This week, the head of B.C.'s largest publicly traded company, Telus, did something unexpected.
Darren Entwistle donated three months of his annual salary to support health-care workers putting their lives on the line to beat back the COVID-19 pandemic.
British Columbians have demonstrated tremendous resolve in this fight, defying the odds by flattening the curve of new infections much earlier than many might have anticipated.
It's due to the leadership of provincial health officer, Dr. Bonnie Henry, and Health Minister Adrian Dix, who've issued daily calls for the public to stay home and engage in social distancing. Both of them emphasize that this not the time for complacency, especially with a long weekend ahead of us.
Others have done their part. The general manager of the Vancouver park board, Malcolm Bromley, took the extraordinary step of blocking traffic into the crown jewel of Vancouver, Stanley Park.
All of these efforts are paying dividends for the health of seniors and those with compromised immune systems.
It's come at a high price to the economic livelihoods of British Columbians. We all know friends and family members who've lost their jobs.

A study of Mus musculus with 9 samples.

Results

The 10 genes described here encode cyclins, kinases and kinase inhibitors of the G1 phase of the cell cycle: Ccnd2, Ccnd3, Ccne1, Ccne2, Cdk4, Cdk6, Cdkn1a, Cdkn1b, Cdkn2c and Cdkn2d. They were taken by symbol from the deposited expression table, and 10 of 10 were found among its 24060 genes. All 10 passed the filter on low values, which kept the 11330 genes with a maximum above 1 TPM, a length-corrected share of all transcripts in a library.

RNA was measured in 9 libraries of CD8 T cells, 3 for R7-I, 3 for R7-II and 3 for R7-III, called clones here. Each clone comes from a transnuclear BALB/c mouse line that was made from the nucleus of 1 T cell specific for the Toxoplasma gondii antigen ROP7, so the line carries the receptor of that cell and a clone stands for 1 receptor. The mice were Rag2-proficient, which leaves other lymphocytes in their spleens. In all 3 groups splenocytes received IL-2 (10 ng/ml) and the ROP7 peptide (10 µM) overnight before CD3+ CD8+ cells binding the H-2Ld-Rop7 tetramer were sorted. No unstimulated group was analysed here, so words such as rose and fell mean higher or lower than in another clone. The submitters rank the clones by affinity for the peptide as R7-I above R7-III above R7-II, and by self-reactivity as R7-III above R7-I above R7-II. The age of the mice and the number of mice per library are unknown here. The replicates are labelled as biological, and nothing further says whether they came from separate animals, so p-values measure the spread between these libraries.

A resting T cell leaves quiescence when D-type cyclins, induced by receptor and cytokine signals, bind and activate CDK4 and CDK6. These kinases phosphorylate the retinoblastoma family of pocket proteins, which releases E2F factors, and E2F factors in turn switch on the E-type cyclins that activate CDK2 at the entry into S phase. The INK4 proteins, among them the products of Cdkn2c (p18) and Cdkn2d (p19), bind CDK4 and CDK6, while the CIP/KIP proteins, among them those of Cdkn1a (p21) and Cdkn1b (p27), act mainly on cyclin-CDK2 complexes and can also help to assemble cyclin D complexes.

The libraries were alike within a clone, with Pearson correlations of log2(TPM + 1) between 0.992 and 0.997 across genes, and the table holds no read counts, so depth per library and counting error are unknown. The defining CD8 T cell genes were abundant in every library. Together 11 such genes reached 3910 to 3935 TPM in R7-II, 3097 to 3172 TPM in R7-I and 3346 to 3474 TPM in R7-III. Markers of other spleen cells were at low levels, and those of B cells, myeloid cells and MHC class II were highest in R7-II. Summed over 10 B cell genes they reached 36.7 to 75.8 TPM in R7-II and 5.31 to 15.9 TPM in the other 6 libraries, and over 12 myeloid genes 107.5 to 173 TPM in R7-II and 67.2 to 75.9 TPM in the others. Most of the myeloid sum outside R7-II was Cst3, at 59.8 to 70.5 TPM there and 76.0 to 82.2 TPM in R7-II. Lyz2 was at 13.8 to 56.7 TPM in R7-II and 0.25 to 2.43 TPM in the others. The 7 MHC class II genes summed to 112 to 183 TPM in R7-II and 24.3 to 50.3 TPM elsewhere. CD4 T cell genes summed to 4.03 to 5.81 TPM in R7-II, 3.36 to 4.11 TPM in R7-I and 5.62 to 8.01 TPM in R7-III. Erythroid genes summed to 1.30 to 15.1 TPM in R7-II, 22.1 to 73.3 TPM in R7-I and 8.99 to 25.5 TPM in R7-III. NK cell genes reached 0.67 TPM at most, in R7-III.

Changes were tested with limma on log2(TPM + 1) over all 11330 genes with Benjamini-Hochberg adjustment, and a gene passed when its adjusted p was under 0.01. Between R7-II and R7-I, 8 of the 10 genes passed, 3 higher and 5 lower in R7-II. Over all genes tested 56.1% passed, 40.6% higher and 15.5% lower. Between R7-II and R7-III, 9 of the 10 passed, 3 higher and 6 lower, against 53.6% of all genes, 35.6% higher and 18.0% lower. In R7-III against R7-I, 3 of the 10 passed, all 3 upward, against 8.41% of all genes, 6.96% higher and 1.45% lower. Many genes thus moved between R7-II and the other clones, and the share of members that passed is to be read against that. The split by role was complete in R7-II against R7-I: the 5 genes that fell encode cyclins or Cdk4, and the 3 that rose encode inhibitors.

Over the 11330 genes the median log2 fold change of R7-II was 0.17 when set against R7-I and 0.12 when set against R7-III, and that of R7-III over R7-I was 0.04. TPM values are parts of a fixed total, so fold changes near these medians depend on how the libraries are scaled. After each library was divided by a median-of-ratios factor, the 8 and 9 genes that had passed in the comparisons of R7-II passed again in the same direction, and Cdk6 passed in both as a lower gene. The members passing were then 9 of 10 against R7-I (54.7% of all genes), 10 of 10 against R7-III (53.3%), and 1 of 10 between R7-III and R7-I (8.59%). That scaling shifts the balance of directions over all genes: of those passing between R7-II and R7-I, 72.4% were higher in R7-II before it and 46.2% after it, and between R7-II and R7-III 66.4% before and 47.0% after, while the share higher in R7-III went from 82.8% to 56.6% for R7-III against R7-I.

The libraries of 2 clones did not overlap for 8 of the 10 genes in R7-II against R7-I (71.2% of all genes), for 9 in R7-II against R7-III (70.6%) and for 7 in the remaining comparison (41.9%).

But we're having more success in B.C. than other large provinces. While we wish Quebec, Ontario, and Alberta the very best in coping with the crisis, we can also take pride in our collective efforts to save lives.
Telus has long had the motto "Give Where We Live". It's emblazoned on T-shirts every time you see Telus employees participating in community events, like the Vancouver Pride parade.
Now, the company's CEO, through his actions, has sent a message to corporate CEOs across North America.
Earlier this year, the Canadian Centre for Policy Alternatives released a report showing that the country's 100 highest-paid CEOs of companies listed on the S&P/TSX index were paid, on average, $11.8 million in 2018.
Surely, some of the people on that list can afford to match Entwistle's generous donation of three months pay to battle the pandemic.
Are they, like the Telus CEO, willing to give where they live?